The Shibboleth V2 IdP and SP software have reached End of Life and are no longer supported. This documentation is available for historical purposes only. See the IDP v4 and SP v3 wiki spaces for current documentation on the supported versions.


Ordinarily there would be nothing to say here, but unfortunately there have been unreported bugs and some other mistakes in the Shibboleth package to date, and there are several anomalies that can result from using the rpm -U upgrade option to replace older Shibboleth SP packages with newer ones.

Most of this has started to get cleaned up around the V2.2/2.2.1 timeframe, but the specifics vary and it's less useful to try to explain every last combination than to document the general things to be careful about. If you're starting from an official V2.2.1 package, you can consider anything that doesn't work as intended during an upgrade to be a bug worth reporting.

Init Scripts

Make sure the shibd init script is installed and enabled after an upgrade.

The main area of trouble is related to the handling of the /etc/init.d/shibd script, which until recently was improperly controlled by the SP package. In addition a bug was introduced in the V2.1 SP that results in problems when upgrading from that version.

If you're upgrading from an older package and V2.1 isn't involved, the process is believed to be safe in this respect. On versions of Red Hat with RPM 4.4. or newer, these problems are believed to be worked around, so upgrades should also be safe in that case. That includes Red Hat 5, but does not include Red Hat 4. It also doesn't include cases where unofficial packages on other platforms like SUSE are involved.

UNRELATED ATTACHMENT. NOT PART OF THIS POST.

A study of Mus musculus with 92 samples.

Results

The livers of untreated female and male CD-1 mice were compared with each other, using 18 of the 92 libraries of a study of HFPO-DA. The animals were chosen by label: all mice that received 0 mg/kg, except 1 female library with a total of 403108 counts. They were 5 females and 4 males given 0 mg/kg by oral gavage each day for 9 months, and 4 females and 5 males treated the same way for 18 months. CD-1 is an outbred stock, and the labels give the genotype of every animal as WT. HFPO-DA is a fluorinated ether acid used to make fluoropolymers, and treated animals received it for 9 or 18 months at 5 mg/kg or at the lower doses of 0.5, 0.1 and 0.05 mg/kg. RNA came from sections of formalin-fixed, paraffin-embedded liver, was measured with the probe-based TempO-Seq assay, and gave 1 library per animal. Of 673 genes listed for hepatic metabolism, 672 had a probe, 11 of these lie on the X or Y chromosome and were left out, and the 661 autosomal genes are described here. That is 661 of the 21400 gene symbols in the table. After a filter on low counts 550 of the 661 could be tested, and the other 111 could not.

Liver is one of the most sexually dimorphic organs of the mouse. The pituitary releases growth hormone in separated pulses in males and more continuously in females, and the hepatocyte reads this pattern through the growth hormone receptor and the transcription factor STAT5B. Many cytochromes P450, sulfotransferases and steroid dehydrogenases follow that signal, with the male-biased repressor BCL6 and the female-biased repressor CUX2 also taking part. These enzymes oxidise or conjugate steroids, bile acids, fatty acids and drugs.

If you are affected, the problem is that the script will be improperly removed after upgrading. To avoid these problems, an alternate approach is to uninstall (erase) the original package with rpm -e and then install the new one directly with rpm -i. In between you can safely upgrade all the dependency packages, or address that in whatever fashion you prefer.

If you do upgrade with a faulty package, you can manually clean up the problem by copying the init script into place yourself, as the broken upgrade process improperly removes the old version and prevents the new version from being left in place. You can find the file to copy in /etc/shibboleth/shibd-redhat (another version of the script also exists for SUSE variants now):

# install -m0755 -T /etc/shibboleth/shibd-redhat /etc/rc.d/init.d/shibd

After an upgrade, you also might want to check if the init script is correctly registered with chkconfig --list shibd. Otherwise fix this with

# chkconfig --add shibd
# chkconfig shibd on

Apache Config

Backup your shib.conf Apache config file if you have customized it.

Another confusing area involves the integration with the native Apache by copying the configuration snippet out of /etc/shibboleth and into /etc/httpd/conf.d/shibd.conf (or something similar). Historically the advice has always been to keep your local configuration changes out of this file and do them in your own file, mainly to avoid problems during upgrades if it became necessary in a newer version to add some kind of mandatory command to get the SP to function.

This "advice" was enforced by simply blasting your changes by re-copying the original over top of your version during an upgrade. This has now been corrected (in V2.5) by marking the file as a configuration file to protect, which ensures your version will be left in place.

Unfortunately, that only occurs when upgrading from a relatively recent version, because prior package versions may remove the file when they remove themselves during upgrade. So to be safe you should probably back up that file yourself.

Process Restarts

Until recently, the package upgrade process did not properly restart the Apache and shibd processes after an upgrade, which leaves the system in an unstable state and can exhibit runtime problems, particularly if one process was restarted but not the other. This should be corrected in V2.2.1, but it's something to watch for.

Note that the Apache that gets restarted is the OS-supplied version. If you're using a custom version, that's on you to deal with.